Behind the scenes

Behind the scenes: Dow 30 tax burden

Business reporter Jia Lynn Yang got her hands on SEC filings for the 30 companies in the Dow Jones Index and paired up with graphics editor Darla Cameron to see how much each company pays in taxes compared to how much it makes. Here’s their graphic.

final graphic

How much data did you start with?

Darla: Digitized SEC files only go back to the early 1990s, so Jia Lynn had to track down more data from a research firm called S&P Capital IQ, which generously opened up their databases to us. Their data went back as far as 1969 for twelve of the companies; for almost all the rest, the data went back to the 1970s and 1980s. For each company, we focused on two data points: something called the “current tax provision,” which approximated how much the company paid in federal taxes in a given year, and also the company’s total income (both international and U.S.). We then divided those two figures to get a sense of the proportion of income going towards federal taxes. (Interestingly, researchers say is basically the only way to see what a company pays in taxes since they don’t have to report an actual tax figure. Jia Lynn called each company to ask, in case. None of them would share the information with us.) That resulting proportion tells a story of what they have paid over time.

How did you arrive at your final visualization? What other presentation options did you consider?

Darla: We started making fever charts of each company’s tax proportion over the last 40-odd years. The result was a bit messy:

step 1

Thanks to tax credits, in some years the companies reported negative income or 200+ percent taxes, and those outliers made the charts difficult to compare. We noticed a pattern, though: the overall slope for most companies trended downward. Post graphic artist Todd Lindeman looked at the charts and suggested just using the first and last number.

step 2

That tells the story (which is that these companies report paying less in taxes than they did 40 years ago) in a much simpler way.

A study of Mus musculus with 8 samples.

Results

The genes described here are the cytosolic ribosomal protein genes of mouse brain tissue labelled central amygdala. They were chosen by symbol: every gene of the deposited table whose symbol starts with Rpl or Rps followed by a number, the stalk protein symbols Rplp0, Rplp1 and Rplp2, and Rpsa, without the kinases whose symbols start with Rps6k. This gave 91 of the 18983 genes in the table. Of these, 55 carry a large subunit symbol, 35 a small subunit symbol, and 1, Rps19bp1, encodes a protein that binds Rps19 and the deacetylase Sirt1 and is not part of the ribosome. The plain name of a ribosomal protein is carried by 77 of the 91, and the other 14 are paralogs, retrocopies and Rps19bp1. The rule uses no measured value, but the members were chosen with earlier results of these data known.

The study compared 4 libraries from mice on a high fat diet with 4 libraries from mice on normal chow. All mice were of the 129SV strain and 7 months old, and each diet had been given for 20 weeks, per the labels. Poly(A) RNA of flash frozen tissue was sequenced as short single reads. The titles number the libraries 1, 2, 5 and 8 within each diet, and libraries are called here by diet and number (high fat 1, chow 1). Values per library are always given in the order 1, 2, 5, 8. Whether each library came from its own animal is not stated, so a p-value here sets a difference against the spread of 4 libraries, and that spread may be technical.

What tools did you use and what resources did you find useful in developing your project?

Darla: Jia Lynn obtained some of the data from the SEC’s EDGAR database, a beloved research tool for business reporters and document junkies since it contains all the reports and disclosures that publicly traded companies are required by law to submit. We also relied heavily on data from S&P Capital IQ, which helped fill in some of the digital gaps in EDGAR. For the final visualization, I used Highcharts charting library with custom styles and JS.

What difficulties did you have with cleaning up the data?

Darla: Once we tracked down 40 years of data from Capital IQ (and narrowed it down to first and last tax years only), cleaning the data up wasn’t too difficult. We worked in a shared Google doc and then I used Mr. Data Converter to convert part of the data to a JavaScript object which populates the chart.

What was the biggest programming challenge?

Darla: Customizing the Highcharts styles and interaction was definitely the biggest programming challenge for me, since I am relatively new to programming. I looked into the documentation to tweak the chart colors and styles, then added elements like the hovering infoboxes and combobox/search selector separately.

Anything you’d do differently?

Darla: Our original plan included small charts for each company showing their detailed tax data for each year to help tell a more specific story. Those would be nice to add, but it’s time to move on to the next story.